The narrative strategy and point of view in Zora Neale Hurston’s “Sweat” mold the reader’s understanding of the story. They craft the personalities of both Delia and Sykes as well as developing their relationship. The choice of a third person omniscient narrator charges the story with more brutal honesty than would any other type of narration. The scene where the village men discuss Sykes and Delia holds relevance as a narrative tool and explores an alternative point of view to the narrator.
The narrator draws the character sketches of both Sykes and Delia. Hurston lets us see their thoughts that allow her to develop their personalities rapidly and thoroughly. In a story of roughly only seven and a half pages Hurston manages to create vivid and complex characters. Much of this can be credited to her choice of narration. Long passages of narration mixed with the dialogue design a relationship fed on pain:
” She lay awake, gazing upon the debris that cluttered their matrimonial trail. Not an image left standing along the way. Anything like flowers had long ago been drowned in the salty stream that had been pressed from her heart. Her tears, her sweat, her blood” (1675).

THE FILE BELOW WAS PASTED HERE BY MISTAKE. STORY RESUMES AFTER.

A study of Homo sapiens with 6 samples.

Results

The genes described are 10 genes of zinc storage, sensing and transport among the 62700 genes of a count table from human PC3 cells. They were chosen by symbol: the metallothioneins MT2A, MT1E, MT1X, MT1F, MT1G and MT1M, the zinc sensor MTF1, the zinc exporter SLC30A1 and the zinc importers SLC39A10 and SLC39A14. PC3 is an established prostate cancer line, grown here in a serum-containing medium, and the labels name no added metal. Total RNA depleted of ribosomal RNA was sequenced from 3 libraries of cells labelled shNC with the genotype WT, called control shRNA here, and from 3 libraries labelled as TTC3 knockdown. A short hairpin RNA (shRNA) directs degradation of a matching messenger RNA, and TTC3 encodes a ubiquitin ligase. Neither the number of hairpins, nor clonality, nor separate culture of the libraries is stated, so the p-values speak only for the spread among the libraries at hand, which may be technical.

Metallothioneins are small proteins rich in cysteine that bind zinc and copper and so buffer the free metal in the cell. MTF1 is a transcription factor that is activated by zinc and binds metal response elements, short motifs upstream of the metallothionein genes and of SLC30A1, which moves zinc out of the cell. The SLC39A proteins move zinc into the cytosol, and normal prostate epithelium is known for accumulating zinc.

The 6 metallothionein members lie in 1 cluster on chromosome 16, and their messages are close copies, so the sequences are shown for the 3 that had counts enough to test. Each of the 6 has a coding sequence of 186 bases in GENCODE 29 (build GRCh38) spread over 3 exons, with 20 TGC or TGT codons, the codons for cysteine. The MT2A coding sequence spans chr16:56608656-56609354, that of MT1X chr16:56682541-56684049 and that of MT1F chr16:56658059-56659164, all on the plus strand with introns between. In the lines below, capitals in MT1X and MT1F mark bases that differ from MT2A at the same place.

Since the thoughts of Sykes and Delia are so different, a series of contrasts develops their relationship and personalities. Hurston’s choice of narrator lends believability to the entire story and makes Delia’s plight more extreme. If Delia were the one telling the story things would be quite different. The reader would not give her version of the story the same credibility he gives that of an outside narrator. It also makes the reader more sympathetic for Delia. A combination of what Delia feels and what Sykes does to her leads the reader to feel sympathetically towards her. This can be clearly seen with the addition of Bertha–the other woman in Sykes life. “Too late now to hope for love, even if it were not Bertha it would be someone else ” (1675). What happens to her seems truthful and real which directs the reader’s expected reaction to the story.
The scene where the men of the town discuss Delia and Sykes rounds the view of the characters. In this passage perhaps the most significant lines in the story can be found: “There’s plenty men dat takes a wife lak dey do a joint uh sugarcane. It’s round, juicy an’ sweet when dey gits it. But dey squeeze an’ grind, squeeze an’ grind an’ wring tell dey wring every drop uh pleasure dat’s in’em out. When dey’s satisfied dat dey is wrung dry, dey treats em jes lak dey do a cane chew. Dey throws em away” (1677). The reader’s perception of the characters gains strength in this section. It also adds to the appearance of detatched and truthful narration.
All of the important facets of the story–the character development and their interactions, meaning, plot, symbolism–develop either directly or indirectly from the narration. All other aspects of the story rise from the skeleton of the narration and point of view. Hurston’s choice of narration channels the entire story and guides the reader through his understanding of it.